Q: My baby has an ear infection and the doctor prescribed antibiotics, but I'm reluctant to use them. Do I really have to?
A: Due to the risk of causing resistance (when the antibiotic will no longer treat an infection) if antibiotics are used too often, your pediatrician is not likely to prescribe them unless she feels it is absolutely necessary. When a baby develops an ear infection under the age of 2 years, antibiotics are often prescribed to avoid complications to the infection. But for mild cases or kids older than 2, it's now more common to wait and see if the infection clears on its own (which many do) in two or three days before giving antibiotics. Your pediatrician will guide you through these decisions.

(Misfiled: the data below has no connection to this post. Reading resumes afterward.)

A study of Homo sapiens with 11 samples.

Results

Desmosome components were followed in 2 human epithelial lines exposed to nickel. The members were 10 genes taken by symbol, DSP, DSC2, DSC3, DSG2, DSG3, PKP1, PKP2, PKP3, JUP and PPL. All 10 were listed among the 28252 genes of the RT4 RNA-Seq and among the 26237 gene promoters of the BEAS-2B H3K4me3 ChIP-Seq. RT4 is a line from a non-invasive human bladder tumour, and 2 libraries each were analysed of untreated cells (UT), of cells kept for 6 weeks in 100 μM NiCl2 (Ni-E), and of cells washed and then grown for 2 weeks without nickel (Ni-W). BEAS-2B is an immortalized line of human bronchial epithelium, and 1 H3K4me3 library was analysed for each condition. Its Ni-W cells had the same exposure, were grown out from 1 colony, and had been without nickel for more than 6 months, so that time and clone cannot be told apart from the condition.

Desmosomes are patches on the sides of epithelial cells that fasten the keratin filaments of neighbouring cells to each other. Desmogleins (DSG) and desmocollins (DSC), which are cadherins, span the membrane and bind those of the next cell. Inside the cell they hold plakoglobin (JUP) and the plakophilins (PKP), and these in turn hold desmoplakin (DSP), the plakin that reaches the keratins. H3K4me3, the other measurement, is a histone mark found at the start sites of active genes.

If the ear infection doesn't go away on its own and you leave it untreated, it could cause your child's eardrum to rupture, causing temporary hearing problems. And in very rare cases, some unchecked ear infections could lead to meningitis, a serious infection of the brain and spinal cord.
If your baby is prescribed antibiotics, it's important to follow the dosing instructions exactly as your doctor advised (it's probably between 5 and 10 days). Even if your child starts to feel better quickly, be sure to finish the entire course of antibiotics so that the infection doesn't return. Sometimes a doctor will re-examine a child on the mend and decide to shorten the course of treatment, but only your pediatrician, not you, should make that call.
Copyright 2009 Meredith Corporation.